Key aspects of effective teaching

As teachers, we need to ensure that our teaching is effective and considers the needs of all our students. According to Killen (2007) are 5 keys aspects of effective teaching; teacher clarity, instructional variety, teacher task orientation, engagement in learning, learner success. (p.106). During my first visit at my placement school, I noticed my colleague teacher adapting and integrating these key aspects throughout her teaching day.

My colleague teacher successfully adapted this strategy when giving direct instruction to the class; she explained the required task when the students were sitting on the floor. Once the students had been sent back to their desks, the teacher used a method of questioning for clarity, meaning she was asking the students procedural questions of what they were doing, what comes next. This allowed her to examine if the students had a clear understanding of the task and in return, the task requirements were being explained again. The teacher then placed a visual prompt on the interactive board detailing the task.
Once the students had been working, the teacher reconfirmed the task requirements by asking if there were any students unsure of what they were to do next.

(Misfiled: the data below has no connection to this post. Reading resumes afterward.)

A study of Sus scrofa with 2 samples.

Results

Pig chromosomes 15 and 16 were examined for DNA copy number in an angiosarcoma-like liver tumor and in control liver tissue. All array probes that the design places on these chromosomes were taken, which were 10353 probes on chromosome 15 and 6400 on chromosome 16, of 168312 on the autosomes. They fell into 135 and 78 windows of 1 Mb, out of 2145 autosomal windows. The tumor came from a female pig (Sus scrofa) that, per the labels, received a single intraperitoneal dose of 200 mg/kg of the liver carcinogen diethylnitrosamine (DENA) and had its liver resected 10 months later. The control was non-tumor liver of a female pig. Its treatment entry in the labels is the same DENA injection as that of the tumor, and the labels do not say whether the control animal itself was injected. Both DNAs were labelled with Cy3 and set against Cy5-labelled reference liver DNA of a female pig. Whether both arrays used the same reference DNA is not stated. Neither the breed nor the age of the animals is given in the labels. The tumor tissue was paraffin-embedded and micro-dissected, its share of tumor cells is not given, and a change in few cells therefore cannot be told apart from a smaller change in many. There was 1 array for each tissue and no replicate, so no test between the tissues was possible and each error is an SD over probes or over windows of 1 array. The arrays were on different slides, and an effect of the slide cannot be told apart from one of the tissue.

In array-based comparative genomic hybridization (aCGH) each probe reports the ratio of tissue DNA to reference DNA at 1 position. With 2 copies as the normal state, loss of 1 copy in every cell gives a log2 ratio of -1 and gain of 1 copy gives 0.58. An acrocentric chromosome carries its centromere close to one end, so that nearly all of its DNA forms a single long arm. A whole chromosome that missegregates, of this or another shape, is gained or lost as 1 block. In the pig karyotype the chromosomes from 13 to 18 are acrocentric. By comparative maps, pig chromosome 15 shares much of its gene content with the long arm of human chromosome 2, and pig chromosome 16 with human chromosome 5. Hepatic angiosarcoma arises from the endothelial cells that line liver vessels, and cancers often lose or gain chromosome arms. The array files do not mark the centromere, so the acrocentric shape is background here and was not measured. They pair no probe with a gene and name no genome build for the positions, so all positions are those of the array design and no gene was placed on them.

This strategy was also adopting the aspect of instructional variety. Whilst there was only one task being implemented, the teacher explained it a multiple forms. For example, verbal direct instruction, questioning for clarity and visual prompts. This method also takes into consideration that not all students learn in the same way or in this case take in instruction the same way. As Killen (2007) says ‘students perceive and gain knowledge differently, form ideas and think differently, and have different background knowledge, skills and dispositions, a ‘’one size fits’’ all approach to teaching is unlikely to be successful’. (p.109). It is important we as teachers remember this idea and are conscious of it during our teaching.

By adopting these strategies, we as teachers are working smarter not harder. I found this image and that it was well suited to this idea.

Image taken from:

This idea of recognising that students learn differently, so therefore we need to vary our approach to meet their needs has been highlight in the The NSW Institute of Teachers’ Professional Teaching Standards.
Element 2; Aspect 2.1.3 Demonstrate knowledge of students’different approaches to learning.


Killen, R. (2007) Using direct instruction as a teaching strategy. In Effective Teaching Strategies: Lessons from Research and Practice, (4th Ed.) (pp 101-124). Thomson Social Science Press.